A new challenge for 2017

I began this blog in 2014 when I was new to cycling, and I was preparing to do the London-Surrey 100. I had been entered into the event by my brother, and had previously not ridden very far at all. The thought of cycling 100 miles seemed crazy –  I’d seriously think twice about a car journey of 100 miles. But I did the event, and then I did it again in 2015. With resevations about the way London-Surrey is run, Ollie and I looked for a new challenge in 2016 – and so we cycled 200 miles doing Vatternrundan in Sweden. After Vatterundan I barely cycled, I was pregnant and renovating a house, I didn’t have the time or the inclination. But now, with a baby in tow, I am back on my bike and my brother thinks I should be doing a new event!
He has kindly recognised that I will have far few hours in the saddle this year, and thus thinks I should concentrate on hill climbing, and that I should enter in the to Walbury Hill Climb!
Ollie and I had discussed the fact that we wouldn’t be able to do endurance cycling anymore, so I had decided I would just try to get faster, you see hills and I don’t really get on!
Have you ever heard of a cyclist who is atrocious at getting up hills, and terrified of going down them? Well, that is me. Though, in my defence, I have only ever got off and given up on one hill, and one (or two?) mountain in the last 3 years of cycling. Have you tried to get up Bushcombe Lane in Gloucestershire?!? (It is truely evil! There is one corner, which is so difficult – I ended up in the verge twice just trying to get up it). And the mountain/s was purely down to the heat – I don’t fare well in excessive heat.
It is true that we have a nice steep hill right on our doorstep, and that I could do hill reps, and I have in fact been up it since I started back at cycling; I think if there had been any, then walkers would have overtaken me! A runner felt so sorry for me that he took the time to shout “You’re doing well!”.
No, hills and I don’t get on.
I think for 2017, my challenge will simply be bringing up the future winner of the Tour De France, in a way which keeps him happy (or at least not wailing).

Some of you may have noticed the following comment on one of my previous posts:

I feel it is my duty to suggest your next event.
Lavington Hill right on your door step ideal for training, far fewer hours in saddle required practising for a ~6 minute effort.
You’re welcome.
The comment was written by ‘Seb’s head coach’. You might be wondering “Who on earth is Seb?” and on finding out he’s our 12 week old son you might think “Why does he need a head coach?” and… “Who is this coach?”
Well, there’s no need for Ollie and I to be pushy parents, because he’s got his uncle (A.K.A Seb’s Head Coach) for that!
On hearing of Sebastian’s birth, my brother sent him a training plan to faciliate him in “turning pro by the age of 20”, “winning his first monument at 24” and a “grand tour or major stage race win by his mid 20s”.
So without giving too much away to his 12 week old competitors….his uncle is expecting him to be confident and competent with a balance bike by the age of 18 months. To have his first bicycle at 4 years and to do exercise five times a week.
But the plan doesn’t start at 12-18 months, oh no! The plan started at the age of 1 month, with exercises to do each day, except for Wednesday and Sunday- the days of rest!
One of the days is put aside for Yoga, which Sebastian has taken note of; he is beginning a Yoga class tomorrow!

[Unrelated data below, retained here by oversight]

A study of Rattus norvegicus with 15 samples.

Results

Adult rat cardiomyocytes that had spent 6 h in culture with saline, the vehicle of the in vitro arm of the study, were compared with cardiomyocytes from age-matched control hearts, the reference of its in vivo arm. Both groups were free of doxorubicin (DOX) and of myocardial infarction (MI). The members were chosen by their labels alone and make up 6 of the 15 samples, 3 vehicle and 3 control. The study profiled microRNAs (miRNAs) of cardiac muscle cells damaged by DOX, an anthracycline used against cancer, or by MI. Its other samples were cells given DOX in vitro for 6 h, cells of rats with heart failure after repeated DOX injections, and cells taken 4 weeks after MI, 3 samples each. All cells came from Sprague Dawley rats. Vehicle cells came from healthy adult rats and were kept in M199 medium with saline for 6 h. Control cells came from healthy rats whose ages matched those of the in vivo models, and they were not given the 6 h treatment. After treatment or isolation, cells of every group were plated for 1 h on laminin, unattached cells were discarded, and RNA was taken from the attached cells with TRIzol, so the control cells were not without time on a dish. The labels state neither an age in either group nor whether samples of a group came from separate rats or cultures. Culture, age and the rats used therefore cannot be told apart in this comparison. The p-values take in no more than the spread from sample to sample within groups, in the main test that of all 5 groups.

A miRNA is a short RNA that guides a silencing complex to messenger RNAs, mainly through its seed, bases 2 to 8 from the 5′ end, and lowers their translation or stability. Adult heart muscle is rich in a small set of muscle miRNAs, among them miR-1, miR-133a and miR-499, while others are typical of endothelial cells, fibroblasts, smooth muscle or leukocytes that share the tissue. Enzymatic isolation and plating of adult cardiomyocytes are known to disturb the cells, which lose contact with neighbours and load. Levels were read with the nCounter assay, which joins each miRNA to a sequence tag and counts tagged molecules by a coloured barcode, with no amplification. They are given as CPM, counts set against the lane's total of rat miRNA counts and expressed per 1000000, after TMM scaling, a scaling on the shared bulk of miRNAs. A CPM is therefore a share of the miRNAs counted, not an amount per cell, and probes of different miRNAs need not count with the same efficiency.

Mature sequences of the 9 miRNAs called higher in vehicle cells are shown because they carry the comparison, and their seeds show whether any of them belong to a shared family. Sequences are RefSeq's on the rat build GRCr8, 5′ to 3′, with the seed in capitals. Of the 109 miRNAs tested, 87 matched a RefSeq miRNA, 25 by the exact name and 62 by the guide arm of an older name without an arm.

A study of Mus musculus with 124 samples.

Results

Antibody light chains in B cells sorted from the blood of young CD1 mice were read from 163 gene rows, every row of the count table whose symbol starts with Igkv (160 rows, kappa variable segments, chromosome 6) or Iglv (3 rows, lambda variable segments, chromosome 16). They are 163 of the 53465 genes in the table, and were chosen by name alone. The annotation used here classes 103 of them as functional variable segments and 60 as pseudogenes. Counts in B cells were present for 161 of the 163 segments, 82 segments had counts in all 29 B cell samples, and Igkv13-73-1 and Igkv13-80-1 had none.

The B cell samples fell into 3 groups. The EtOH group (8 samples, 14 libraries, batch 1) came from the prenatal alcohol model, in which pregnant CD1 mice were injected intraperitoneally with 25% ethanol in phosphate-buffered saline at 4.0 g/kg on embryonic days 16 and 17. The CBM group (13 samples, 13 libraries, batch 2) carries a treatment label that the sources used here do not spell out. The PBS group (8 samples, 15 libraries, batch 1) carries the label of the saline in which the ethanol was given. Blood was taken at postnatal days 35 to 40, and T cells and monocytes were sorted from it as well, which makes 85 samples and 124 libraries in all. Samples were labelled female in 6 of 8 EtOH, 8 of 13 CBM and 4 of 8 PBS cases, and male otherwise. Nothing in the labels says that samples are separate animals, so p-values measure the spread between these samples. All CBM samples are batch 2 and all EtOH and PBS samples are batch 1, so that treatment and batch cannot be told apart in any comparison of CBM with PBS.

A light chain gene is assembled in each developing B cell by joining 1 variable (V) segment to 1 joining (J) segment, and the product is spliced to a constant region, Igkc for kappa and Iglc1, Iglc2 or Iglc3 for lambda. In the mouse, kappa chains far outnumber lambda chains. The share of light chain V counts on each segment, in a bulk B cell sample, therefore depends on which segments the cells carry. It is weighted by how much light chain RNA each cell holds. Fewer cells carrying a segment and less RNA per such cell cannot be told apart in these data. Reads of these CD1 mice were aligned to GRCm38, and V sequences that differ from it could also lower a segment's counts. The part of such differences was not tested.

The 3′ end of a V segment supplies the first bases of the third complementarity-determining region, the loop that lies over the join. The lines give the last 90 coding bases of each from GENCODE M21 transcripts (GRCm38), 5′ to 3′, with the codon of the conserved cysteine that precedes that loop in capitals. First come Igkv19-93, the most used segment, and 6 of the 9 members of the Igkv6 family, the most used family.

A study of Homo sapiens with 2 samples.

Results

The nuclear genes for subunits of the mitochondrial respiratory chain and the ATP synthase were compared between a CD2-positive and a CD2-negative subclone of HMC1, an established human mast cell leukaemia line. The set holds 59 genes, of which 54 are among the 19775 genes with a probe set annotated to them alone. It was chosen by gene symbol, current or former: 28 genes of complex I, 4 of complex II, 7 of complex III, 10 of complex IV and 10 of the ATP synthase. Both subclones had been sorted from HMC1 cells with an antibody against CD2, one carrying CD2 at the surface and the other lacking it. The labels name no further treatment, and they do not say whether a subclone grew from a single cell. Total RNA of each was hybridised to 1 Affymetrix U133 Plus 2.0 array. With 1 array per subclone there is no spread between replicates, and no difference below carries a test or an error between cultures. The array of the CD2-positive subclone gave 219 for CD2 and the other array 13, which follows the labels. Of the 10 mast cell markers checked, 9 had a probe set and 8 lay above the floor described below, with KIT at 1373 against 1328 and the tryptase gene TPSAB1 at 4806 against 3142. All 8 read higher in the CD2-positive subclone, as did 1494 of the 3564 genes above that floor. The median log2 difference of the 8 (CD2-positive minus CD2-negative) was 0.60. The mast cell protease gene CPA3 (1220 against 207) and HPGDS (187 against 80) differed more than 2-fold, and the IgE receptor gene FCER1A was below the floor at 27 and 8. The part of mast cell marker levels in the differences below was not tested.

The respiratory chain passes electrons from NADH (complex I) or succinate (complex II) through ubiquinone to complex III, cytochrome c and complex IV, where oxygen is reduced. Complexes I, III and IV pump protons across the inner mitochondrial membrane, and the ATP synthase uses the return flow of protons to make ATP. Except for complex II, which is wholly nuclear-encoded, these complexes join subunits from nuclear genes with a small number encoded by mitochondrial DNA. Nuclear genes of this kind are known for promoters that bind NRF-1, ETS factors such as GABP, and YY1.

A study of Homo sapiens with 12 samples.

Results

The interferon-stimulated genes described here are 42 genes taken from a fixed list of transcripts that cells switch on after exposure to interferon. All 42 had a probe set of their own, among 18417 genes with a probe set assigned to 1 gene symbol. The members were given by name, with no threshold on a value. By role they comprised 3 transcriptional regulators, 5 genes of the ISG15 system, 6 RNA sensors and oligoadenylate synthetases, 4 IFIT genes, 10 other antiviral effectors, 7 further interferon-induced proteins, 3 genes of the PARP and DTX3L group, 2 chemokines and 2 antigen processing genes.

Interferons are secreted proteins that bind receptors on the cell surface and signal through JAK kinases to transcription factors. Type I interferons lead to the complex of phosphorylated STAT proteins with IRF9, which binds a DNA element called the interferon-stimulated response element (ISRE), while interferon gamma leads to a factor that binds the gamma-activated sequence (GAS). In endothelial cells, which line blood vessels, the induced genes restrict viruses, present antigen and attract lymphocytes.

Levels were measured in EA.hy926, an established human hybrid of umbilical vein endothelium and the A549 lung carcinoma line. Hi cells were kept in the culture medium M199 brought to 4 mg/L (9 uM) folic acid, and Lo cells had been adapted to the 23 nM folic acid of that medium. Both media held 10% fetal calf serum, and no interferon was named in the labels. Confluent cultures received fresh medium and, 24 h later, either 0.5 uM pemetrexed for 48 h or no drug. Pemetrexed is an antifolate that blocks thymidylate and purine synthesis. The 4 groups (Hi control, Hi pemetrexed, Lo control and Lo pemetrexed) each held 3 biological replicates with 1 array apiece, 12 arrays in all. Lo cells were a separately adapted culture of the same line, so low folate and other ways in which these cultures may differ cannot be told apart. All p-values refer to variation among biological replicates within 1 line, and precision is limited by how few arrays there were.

He also has a balance bike and a bike with stabilisers just waiting for him to be (nearly) big enough.
So, watch this space, in 20 years time, it will be “Chris who?, Seb’s the man in Yellow!”
I’ll address his actual comment in another post.

Back in the saddle

Last week and weekend my Grandad, Ollie and Myself got the turbo bike and the Ribble (and Ollie’s summer bike) back into a maintained condition. Working and clean, I was able to go on my first ride last weekend. We live on a long road which goes through several villages, so I rode to each end of our road – 10 miles.  It was brilliant.

 

Today I went on my second ride, this time a 13 mile loop with some minor hills.

 

Whilst I was out, I was thinking about the things I missed, the things I hadn’t missed, and how things had changed.

 

What I missed:

  • My bike
  • The countryside
  • Exploring our new area
  • Wind (!)
  • Hills (!!)
  • Going fast
  • Competition
    • Someone came past me today, and it really made me speed up, despite me not having any chance of catching him up.
  • That tired ‘after exercise’ feeling
    • I’ve been exhausted for two months, but this feels different, and much better.

 

What I didn’t miss:

  • Cars
  • Drivers
  • Potholes
  • Always forgetting something and having to go back
    •  On my first ride I had to unlock the house and outhouse in order to go back for my helmet. So annoying!

 

What’s new: 

  • Time Constraints
  • Scar tissue
  • Not fitting into some of my kit
  • A new baseline of pretty much no muscle at all
    • I am almost certainly more unfit now, than when I first started cycling. It was really unclear as to how much weight I put on over the last 11 months; the figure on the scales wasn’t increasing much, and I assume that’s because I was losing muscle. So the scales couldn’t really tell me how much weight I had gained due to the pregnancy. So now, as I gain muscle, I expect to be the heaviest I’ve ever been, alone that is.
  • No cycling partner
    • Ol has to stay at home with the little one
    • We live miles away from everyone else now
    • I wouldn’t be able to keep up with anyone anyway
  • A reason to rush home

The kit which does fit is currently in the laundry in case I get an opportunity to go out again tomorrow.